Have you ever wondered what exactly it is that separates a great writer from an average writer? The obvious answer would be talent. However, ask any great writer and they would argue the point. There are a ton of average writers out there with as much talent as anyone. It’s just that there is some point, a line in the sand, that they are unwilling to cross that keeps them from breaking through.
More than one curious soul have researched the greatest of writers, from contemporary gothic writers like Stephen King to old-world philosophers like Cicero to see what they had to offer on the subject. If they could do it, so could I. The following is a mixture of what they found and what my research turned up.
This is solid advice from the greats both living and beyond the grave, to all of us average writers. I do believe I will take them up on it.
Recommended Reading: 10 Writing Tips For Bloggers
1. How “Easy” It Can Get
I used to brag about how fast I could write but that was before I realized that the really good writers do not find it that easy. One day, I was afforded the opportunity to compare an article I wrote, to one written by someone whom I consider slow but brilliant, and I realized that speedwriting was one of my problems, not a talented virtue.
A good writer will always find it very hard to fill a single page. A bad writer will always find it easy. – Aubrey Kalitera, (Why Father Why, 1983).
2. The Scary Truth Stings
Stephen King says in his “On Writing: A Memoir of the Craft” (2000):
…it is impossible to make a competent writer out of a bad writer, and while it is equally impossible to make a great writer out of a good one, it is possible, with lots of hard work, dedication, and timely help, to make a good writer out of a merely competent one. (p.136)
A prolific writer who has written hundreds of short stories, novels, poems and more, King is basically telling me that I personally will never be a great writer, however, I can take solace in the fact that there is still hope for me to become a good writer.
Even if there is not, as long as I am writing, I am a happy guy.
3. The Best Advice Ever
There is one thing that I am sure most writers would agree upon and that is this: if you want to better yourself and your writing, take the time to learn the basic fundamentals of writing. If it has been awhile, revisit the old textbooks, take an online class, or join a local writing course.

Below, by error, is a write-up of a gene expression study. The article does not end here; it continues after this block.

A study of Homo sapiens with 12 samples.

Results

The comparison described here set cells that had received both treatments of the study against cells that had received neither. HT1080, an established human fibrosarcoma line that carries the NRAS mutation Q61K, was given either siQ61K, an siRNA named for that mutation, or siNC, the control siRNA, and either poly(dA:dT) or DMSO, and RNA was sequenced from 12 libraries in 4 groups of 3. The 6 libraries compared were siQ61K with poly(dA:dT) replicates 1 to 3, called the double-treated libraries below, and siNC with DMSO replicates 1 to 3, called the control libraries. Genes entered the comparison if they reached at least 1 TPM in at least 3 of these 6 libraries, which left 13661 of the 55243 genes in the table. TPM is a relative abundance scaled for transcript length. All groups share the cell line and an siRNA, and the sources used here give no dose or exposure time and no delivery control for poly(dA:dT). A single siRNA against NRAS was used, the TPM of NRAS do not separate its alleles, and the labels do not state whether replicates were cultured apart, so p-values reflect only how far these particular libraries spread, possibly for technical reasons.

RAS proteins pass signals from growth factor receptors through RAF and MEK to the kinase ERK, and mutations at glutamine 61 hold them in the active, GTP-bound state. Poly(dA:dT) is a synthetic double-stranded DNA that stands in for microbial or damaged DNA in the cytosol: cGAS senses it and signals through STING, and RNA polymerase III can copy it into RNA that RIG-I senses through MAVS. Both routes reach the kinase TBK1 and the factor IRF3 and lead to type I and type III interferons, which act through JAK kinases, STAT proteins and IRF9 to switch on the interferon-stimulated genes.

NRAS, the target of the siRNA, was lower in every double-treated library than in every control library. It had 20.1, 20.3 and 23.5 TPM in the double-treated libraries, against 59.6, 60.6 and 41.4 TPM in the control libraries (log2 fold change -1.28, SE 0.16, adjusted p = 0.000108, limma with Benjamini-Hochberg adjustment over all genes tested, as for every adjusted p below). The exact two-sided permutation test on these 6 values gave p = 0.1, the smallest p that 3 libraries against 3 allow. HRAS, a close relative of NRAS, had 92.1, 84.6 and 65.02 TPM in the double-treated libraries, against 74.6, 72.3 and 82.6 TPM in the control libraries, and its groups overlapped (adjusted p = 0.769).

Learning or relearning grammar, vocabulary and the elements of style can only improve your writing regardless of your current skill level.
4. Speak Your Mind Vs Say What You Think
There is some debate between speaking the writer’s mind, (In his or her writing) and the writer saying what he (or she) thinks. Author Walter Benjamin said back in 1938 that the great writers feel that speaking one’s mind is to go overboard.
It is enough to say what one thinks as an opinion and nothing more.
I believe he is saying that the great ones never show their hands or need to pull a foot out of their mouths because they never speak their minds in a tirade. That is advice I may need to heed.
5. It is All in the Details
A good writer pays close attention to detail. A great writer knows better (read the discussion by Clive James here). I tried to pay strict attention to the details of my writing once or twice. The last time, my editor called me a grammar nazi (and rightly so). Apparently, she knew what the great writers know: following too close to the rules makes for boring and monotonous writing.
That is not to say that one should slap words on the page as if they were painting a fence. There is much to be said for being careful with grammar, syntax, and style. However; if a writer is to find their voice, something will have to give a little, lest their voice be that of a dictionary.
6. Boldly Being Bad
Here is a great pearl of wisdom from Julia Cameron. She says that we must dare to be bad when we write. At first, I thought that she was talking about that whole devil’s advocate thing. She is not. She believes that a great writer writes everything that is in his or her head on the topic at hand, then goes back, and edits the bad stuff out.
That is because she knows that very often, some of that bad is very, very good.
7. Why Waste It? (It’s There For A Reason)
I use Zippo lighters and when I run out of flint, they sit in a drawer for months until I purchase more. Bic after disposable bic, they get tossed out until one day my wife started making me give her every empty bic I used up.
Didn’t ask her why she needed them but I soon found out one day when I reached for a pack of flints for my Zippo and had my hand slapped away by the Missus. From her purse, she pulled out a prescription bottle filled with (30 of) the flints she took out of the empty bic lighters she had been collecting.
The point of this story is if you have an editor, use him (or her). Gardner Botsford, (A Life of Privilege… Mostly, 2003) says that the less competent the writer is, the louder he or she complains about having an editor. He goes on to say… “Good writers lean on editors; they would not think of publishing something that no editor had read.”
More Good Advice
When it comes to getting great advice from great writers, even an average writer like me can produce an interesting piece of work. Do you have other tips that will help average or at least competent writers improve? Drop us a line in the comments. I can never get enough good advice.